British troops fight on 2 fronts around Basra

Forces trying to win trust of residents while fending off attacks by irregulars

War In Iraq

April 05, 2003|By NEW YORK TIMES NEWS SERVICE

NEAR BASRA, Iraq - Two rocket-propelled grenades were launched at British troops on the outskirts of Basra yesterday, one striking a tank but doing little damage and the other exploding above civilians on the highway, sending them scrambling for cover and leaving an unknown number wounded.

The injured were behind the British front lines and were carried away by Iraqis.

Soon after the attack, British commandos pinpointed targets, and a volley of tank and machine-gun fire was unleashed that left eight Iraqi paramilitaries dead, according to the British soldiers.

So it goes here, near Iraq's second-largest city, Basra. Fighters loyal to the government in Baghdad, most of whom long ago tossed away their military uniforms, if they ever wore any, use the protection of the sprawling city of nearly 1.5 million people to attack.

The British troops move quickly to crush the attackers, but do not push far into the city.

After more than a week of fighting, the troops have moved only about two miles closer to Basra on the highway south of the city. Hoping to avoid what could be a nasty street-by-street fight, they are content to hold steady on the outskirts.

Whatever happens in Baghdad, the fight in Basra will provide an interesting study in trying to gain hearts and minds while attacking with tanks and bombs.

There are signs that the British strategy is working and the citizens of Basra are slowly coming to trust the foreign soldiers.

For instance, Basra residents came to the British yesterday to tell them where the grenade attack had come from, which allowed soldiers to quickly mark targets in a suburb they call Shanty Town, according to soldiers involved in the operation.

"I think they are getting a wee bit more faith in us," said Lance Cpl. Ronnie McCurdy, 23, of the Irish Guards.

The highway to Basra is straight and flat and is now the only way to leave the city. While many residents fled in the first days of fighting, there is a steady flow of people leaving the city in the morning and returning home in the evening.

Donkeys pulling carts full of tomatoes compete for space with ubiquitous orange-and-white cars that were once taxis.

In the evening, people return beneath a constant cloud of black smoke from oil fires to the sound of sporadic shelling and machine-gun fire.

About a mile from the city, the British seized control Thursday of what used to be a technical institute but had been converted into a compound from which Iraqi fighters were able to lob mortars and fire artillery at British forces.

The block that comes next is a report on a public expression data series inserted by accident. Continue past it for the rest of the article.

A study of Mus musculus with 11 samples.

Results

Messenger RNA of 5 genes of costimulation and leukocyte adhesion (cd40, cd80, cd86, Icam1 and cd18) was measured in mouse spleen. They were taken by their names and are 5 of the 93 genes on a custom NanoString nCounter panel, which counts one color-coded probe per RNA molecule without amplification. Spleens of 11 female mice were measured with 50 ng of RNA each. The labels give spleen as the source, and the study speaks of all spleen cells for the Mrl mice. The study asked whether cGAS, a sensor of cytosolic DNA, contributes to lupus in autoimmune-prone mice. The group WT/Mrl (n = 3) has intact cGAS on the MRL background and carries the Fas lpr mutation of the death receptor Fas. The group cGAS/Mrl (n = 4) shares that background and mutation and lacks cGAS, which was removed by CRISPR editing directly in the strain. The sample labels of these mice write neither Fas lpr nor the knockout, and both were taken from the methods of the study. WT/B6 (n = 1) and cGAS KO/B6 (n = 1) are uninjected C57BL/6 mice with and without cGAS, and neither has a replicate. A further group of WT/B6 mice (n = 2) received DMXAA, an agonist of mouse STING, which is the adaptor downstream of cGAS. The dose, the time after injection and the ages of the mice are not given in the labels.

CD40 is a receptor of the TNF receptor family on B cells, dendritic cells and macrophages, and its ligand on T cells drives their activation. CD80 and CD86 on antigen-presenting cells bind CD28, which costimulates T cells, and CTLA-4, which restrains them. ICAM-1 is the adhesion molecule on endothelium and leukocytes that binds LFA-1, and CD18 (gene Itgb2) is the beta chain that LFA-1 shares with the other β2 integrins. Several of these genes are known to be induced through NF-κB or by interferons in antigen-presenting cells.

Yesterday, they fought Iraqi snipers who had returned to the compound.

"We are just working our way forward as best we can," said the section commander, Lance Sgt. Glenn Stevenson, 28.

But the fight in Basra consists not just of the military challenge of dealing with Iraqi troops dressed as civilians. Real civilians have to be persuaded that the British troops are a force for good.

That is much trickier. British soldiers handed out pamphlets yesterday showing a bearded Arab man shaking hands with a smiling Western soldier. The paper read: "This time we won't abandon you. Be patient, together we will win."

Muhammad al-Sadi needed more immediate answers.

"I lived here with my wife and my children," al-Sadi said, standing outside the gates of the Basra Institute of Technology, where he was a professor of mechanical engineering. "When the fighting and the shelling came, we had to run away."

He said he had returned home because he had fled without money or his wife's medicine. While he said he did not like Saddam Hussein, he said that at least the Iraqi leader never destroyed his home.

"This is the fault of the Americans," he said as he pointed to the bombed-out wreckage of a Volkswagen Beetle belonging to his friend Hamid.

The front of the school is pockmarked from machine-gun fire, and sections of the front walls are charred black from days of bombardment by the British. Still, a larger-than-life poster of Hussein just beyond the entrance remained relatively unscathed.

Beneath a smiling Hussein, there was a sentence in Arabic: "Good Leader to Good Pupils."

Although the Red Cross went to Basra to take supplies to four hospitals yesterday, there is still virtually no aid flowing into the region. The people in Basra say they have enough to survive, but across the south increasing desperation is evident.

People leaving the city said they believed that the Baghdad government was still in control. Outside the city, they say, no one is in control.